Bill Belichick has been singing Tom Brady's praises for years. But earlier this week, he articulated his feelings on Brady's place in history in a slightly different way.
During an appearance at the Salesforce World Tour stop in Boston, Belichick spoke for about 10 minutes on a variety of Patriots-related topics. Among them was the quarterback he drafted in the sixth round 16 years ago.
Belichick knew that Brady had spoken at the event last year, to which Salesforce Vice Chairman and President Keith Block replied, "Yeah, we had to clean up the aisles."
"I can imagine," Belichick said with a smile. "We have to do that at the stadium, too, [fans] paying homage to him. But, you know, greatest quarterback of all time. He's been just a tremendous leader, tremendous player for our organization."
It comes as no surprise that Belichick would feel that way. He often says that there's no quarterback he would rather have. This is essentially that same sentiment just worded a little differently. Still, for a football historian like Belichick to step to a microphone and give Brady the G.O.A.T. label is worth noting.
Throughout the address, Belichick happily goes over some of the stories he's most proud of during his time as head coach of the Patriots.
Wrestler-turned-offensive lineman Steve Neal got a shout out, as did Matt Cassel, who barely played in college and still managed to lead the team to an 11-5 record in 2008. A couple of Belichick's favorites -- Tedy Bruschi and Adam Vinatieri -- also earned quick mentions.
Perhaps the most interesting part of the discussion -- particularly with the draft approaching -- came early in Belichick's appearance when he spoke about how the Patriots have "tried to be an outlier in some respects."
He referenced his time early on as Patriots head coach, when he chose to be one of only two teams in the league to play a 3-4 defense. At that point, players who fit that particular scheme, like nose tackle Ted Washington, were easy to acquire because the demand was almost nonexistent.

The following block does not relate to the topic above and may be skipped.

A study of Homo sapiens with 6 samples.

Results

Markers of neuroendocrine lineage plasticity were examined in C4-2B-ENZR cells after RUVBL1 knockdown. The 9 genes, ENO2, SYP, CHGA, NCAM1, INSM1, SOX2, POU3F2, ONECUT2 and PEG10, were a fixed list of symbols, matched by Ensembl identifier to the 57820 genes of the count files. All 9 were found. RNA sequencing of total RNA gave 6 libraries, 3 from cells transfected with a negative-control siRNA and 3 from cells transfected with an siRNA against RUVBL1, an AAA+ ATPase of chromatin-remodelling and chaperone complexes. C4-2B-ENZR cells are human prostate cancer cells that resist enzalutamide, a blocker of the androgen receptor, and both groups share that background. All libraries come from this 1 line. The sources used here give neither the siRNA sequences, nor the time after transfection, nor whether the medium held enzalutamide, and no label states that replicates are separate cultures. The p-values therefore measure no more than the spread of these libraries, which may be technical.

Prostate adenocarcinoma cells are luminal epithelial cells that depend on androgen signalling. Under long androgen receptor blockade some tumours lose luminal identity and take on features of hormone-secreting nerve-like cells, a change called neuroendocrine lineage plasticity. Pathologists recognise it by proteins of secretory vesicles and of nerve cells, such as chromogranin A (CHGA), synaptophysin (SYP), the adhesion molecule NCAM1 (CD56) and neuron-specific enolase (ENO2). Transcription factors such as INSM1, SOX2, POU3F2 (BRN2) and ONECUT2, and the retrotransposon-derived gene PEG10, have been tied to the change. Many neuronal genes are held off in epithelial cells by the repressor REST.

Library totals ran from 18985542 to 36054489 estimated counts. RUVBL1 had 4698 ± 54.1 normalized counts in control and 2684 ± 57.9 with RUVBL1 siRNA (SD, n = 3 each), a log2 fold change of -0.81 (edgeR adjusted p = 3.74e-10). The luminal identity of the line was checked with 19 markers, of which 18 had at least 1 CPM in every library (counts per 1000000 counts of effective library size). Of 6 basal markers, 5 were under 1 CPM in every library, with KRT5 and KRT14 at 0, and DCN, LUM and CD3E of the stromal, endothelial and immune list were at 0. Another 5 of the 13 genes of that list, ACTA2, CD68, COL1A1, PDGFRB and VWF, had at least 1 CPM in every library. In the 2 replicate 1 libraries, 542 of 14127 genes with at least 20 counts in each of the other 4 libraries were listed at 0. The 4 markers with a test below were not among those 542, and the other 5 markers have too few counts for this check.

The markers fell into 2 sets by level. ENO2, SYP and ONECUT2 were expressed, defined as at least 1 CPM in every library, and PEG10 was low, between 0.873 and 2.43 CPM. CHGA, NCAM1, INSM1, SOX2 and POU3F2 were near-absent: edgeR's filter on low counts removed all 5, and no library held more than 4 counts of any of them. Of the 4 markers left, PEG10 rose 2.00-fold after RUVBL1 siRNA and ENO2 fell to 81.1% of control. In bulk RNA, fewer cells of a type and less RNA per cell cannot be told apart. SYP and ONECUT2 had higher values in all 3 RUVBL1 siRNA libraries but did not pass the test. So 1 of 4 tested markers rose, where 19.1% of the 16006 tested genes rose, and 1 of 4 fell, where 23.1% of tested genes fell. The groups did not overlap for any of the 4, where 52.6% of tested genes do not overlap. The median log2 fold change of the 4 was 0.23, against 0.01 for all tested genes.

Five years and three Patriots championshps later, half of the league used a 3-4.
At that point, Belichick said, "if we were looking for a nose tackle, there was probably five other teams in the draft ahead of us." They had to evolve.
Over the years, as his teams have drafted near the bottom of the first round following successful seasons, Belichick and his front office have tried to take advantage of the market inefficiencies, which has given the team an ever-changing shape.
"We've kind of had to find different players, different schemes," Belichick said, "whether it be tight-end based offenses, or whether it be going from an odd to an even front defense, or whatever it happened to be. Just trying to find different ways to capitalize on the talent that's available. Otherwise, we're going to get the fifth, sixth, seventh best guy at whatever the position is so we've tried to take kind of more away in areas that have been less populated."
One other draft tidbit to take away from Belichick's speaking engagement: The Patriots want players who love football.
Because so much is put on their plates as soon as they sign on the dotted line, and because the expectations are high, it can be a difficult place to work. Belichick has admitted as much in the past.
But if it doesn't feel like work, if a player's passion for the game is genuine, then the odds of said player staying motivated and attentive are that much better.
"If you like football, you like to come in and work on football, then the New England Patriots is a great place to be," Belichick said. "If you don't, if it's a job, if you'd rather be doing something else, then honestly, you're better off with another team."
You can watch Belichick's entire Salesforce interview here.